The myth of Medicaid

Spending on Medicaid threatens to bankrupt State and local levels of government for little benefit. Still liberals insist we need to spend more. Recently, an opinion article by New Hanover County, North Carolina, Commissioner Rob Zapple published in the Wilmington StarNews illustrates how statists contribute to this problem. (Link below)

Mr. Zapple unknowingly confirms how this pervasive and exorbitantly expensive social program threatens our economic stability.  In this tiny North Carolina County (one of one-hundred in the State) Medicaid is administered by a regional medical center, two county departments and a private provider funded 80 percent by Medicaid.

Zapple mistakenly believes that government spending $450 million on this program adds that much “to our local economy.” In reality, that spending on this unproductive program actually removes an equivalent amount from the private sectors at federal, State and local economic levels. One may argue that this humanitarian project is worth the cost, but it is indisputable that it takes the money out of the productive economy to do some assumed social good.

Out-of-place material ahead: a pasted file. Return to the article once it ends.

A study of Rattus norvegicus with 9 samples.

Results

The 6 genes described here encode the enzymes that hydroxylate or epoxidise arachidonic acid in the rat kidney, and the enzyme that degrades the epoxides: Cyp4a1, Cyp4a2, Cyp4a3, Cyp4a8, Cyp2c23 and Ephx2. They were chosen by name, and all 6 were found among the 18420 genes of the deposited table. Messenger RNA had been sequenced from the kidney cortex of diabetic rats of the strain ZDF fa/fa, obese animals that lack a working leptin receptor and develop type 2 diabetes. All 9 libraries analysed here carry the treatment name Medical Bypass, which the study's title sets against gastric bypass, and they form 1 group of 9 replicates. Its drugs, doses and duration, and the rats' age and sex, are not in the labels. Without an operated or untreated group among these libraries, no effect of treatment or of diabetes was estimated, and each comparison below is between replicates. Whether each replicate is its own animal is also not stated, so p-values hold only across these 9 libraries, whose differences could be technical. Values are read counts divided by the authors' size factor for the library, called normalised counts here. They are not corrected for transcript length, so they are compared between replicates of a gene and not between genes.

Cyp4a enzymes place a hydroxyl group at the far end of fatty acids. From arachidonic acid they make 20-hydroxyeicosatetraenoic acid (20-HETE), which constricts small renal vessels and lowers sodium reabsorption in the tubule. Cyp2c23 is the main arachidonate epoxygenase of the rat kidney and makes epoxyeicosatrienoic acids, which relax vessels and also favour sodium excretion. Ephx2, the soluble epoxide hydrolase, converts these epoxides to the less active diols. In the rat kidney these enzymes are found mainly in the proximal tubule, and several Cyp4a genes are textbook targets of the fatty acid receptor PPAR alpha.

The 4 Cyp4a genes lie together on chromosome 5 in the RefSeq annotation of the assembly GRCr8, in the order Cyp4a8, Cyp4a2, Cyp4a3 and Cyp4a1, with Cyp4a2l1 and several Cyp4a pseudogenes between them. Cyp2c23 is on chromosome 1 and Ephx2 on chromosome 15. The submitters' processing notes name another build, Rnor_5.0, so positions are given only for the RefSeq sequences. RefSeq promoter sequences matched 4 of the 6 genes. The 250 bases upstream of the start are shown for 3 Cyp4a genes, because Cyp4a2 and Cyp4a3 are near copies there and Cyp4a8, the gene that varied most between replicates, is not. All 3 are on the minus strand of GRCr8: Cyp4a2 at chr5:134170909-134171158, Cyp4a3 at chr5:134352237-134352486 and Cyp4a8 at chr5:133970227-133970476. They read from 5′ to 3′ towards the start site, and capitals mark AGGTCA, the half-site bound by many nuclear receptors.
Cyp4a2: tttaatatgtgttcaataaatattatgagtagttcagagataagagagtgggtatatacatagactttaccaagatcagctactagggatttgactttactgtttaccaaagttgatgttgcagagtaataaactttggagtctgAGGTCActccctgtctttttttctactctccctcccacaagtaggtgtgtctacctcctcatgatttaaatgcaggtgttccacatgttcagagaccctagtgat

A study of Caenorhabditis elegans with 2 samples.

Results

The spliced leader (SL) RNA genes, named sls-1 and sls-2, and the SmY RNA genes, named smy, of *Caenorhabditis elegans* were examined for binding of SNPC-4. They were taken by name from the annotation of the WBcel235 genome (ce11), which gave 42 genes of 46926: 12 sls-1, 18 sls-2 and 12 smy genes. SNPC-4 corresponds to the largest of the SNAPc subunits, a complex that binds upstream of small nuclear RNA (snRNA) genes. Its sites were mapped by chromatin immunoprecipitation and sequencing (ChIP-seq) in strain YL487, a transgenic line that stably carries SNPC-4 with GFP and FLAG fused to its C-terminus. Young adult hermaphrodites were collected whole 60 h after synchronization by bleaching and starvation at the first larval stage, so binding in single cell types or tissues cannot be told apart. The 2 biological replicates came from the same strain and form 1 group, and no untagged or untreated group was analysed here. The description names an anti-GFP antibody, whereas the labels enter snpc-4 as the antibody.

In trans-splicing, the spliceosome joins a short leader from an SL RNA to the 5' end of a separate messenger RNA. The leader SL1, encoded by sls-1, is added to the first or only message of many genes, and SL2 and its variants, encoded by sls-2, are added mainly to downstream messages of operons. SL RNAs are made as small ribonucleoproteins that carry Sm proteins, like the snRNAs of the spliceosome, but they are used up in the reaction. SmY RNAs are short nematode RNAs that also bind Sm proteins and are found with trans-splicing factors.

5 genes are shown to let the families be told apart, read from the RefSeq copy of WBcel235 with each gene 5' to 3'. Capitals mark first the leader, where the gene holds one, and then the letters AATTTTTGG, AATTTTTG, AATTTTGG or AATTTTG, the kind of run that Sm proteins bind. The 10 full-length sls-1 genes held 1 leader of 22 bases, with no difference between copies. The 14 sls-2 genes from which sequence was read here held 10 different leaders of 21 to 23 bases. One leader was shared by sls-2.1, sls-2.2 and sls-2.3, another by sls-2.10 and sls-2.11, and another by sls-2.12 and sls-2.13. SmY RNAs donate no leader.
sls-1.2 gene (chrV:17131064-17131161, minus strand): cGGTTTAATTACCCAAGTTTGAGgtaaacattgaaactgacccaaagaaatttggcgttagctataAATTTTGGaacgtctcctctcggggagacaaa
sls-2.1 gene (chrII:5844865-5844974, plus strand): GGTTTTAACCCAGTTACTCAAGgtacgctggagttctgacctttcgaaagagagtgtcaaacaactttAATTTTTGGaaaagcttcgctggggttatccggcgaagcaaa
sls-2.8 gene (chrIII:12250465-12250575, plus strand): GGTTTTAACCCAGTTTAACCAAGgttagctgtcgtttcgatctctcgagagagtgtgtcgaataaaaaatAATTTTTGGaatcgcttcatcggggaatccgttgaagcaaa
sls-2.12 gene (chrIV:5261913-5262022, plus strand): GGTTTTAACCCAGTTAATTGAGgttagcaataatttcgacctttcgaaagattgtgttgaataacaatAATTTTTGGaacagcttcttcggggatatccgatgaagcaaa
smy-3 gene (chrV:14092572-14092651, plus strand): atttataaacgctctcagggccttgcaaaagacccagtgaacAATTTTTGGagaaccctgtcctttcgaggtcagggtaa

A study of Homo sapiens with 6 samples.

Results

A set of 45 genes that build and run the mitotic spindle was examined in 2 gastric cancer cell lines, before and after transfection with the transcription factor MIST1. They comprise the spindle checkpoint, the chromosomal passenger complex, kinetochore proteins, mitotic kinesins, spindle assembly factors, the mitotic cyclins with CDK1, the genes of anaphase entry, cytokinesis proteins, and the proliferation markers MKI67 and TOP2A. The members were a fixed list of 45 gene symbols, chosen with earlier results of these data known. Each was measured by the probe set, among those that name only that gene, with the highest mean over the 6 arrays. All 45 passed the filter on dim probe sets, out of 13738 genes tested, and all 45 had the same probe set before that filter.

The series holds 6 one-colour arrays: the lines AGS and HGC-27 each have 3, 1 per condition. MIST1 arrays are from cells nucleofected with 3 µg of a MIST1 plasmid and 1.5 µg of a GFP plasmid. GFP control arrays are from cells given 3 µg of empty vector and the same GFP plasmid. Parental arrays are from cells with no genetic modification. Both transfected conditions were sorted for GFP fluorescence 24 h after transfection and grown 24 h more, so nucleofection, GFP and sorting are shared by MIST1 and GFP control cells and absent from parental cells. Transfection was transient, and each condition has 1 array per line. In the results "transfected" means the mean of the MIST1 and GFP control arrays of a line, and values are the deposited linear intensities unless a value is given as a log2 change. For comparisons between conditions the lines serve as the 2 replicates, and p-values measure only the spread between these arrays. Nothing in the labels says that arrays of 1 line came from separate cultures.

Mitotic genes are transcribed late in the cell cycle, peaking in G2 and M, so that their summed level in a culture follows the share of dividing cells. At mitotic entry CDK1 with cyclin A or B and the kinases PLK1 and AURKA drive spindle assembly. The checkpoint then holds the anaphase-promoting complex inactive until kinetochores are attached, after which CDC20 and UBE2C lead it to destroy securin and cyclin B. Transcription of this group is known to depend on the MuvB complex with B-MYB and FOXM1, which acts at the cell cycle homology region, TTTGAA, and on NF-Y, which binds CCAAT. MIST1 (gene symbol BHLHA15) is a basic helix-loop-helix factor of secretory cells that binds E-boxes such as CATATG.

Zapple and this county’s public agencies lobby with the National Association of Counties to multiply increased spending for Medicaid by 3000 times across the country. Evidence shows that this unsustainable program, if not curtailed, will bankrupt State and local governments.

The website below tells the story of how Medicaid over-enrollment in the State of Oregon has led to greatly increased costs with little improvement in health care in that State.



About R. E. Smith Jr.

Mr. Smith writes essays and commentary on politics, American history, environment, higher education and culture. He's been published in print media and at blog sites for about 25 years. Smith's formal education includes B.S. and M.S. degrees from the State University of New York and Syracuse University. He has earned a 21-credit hour Certificate in Professional Writing from the University of North Carolina-Wilmington. Training/work experience: NYS Ranger School; U. S. Army, Corp of Engineers; soil scientist and forester with USDA; Assoc. Professor at SUNY; real estate agent; small business owner.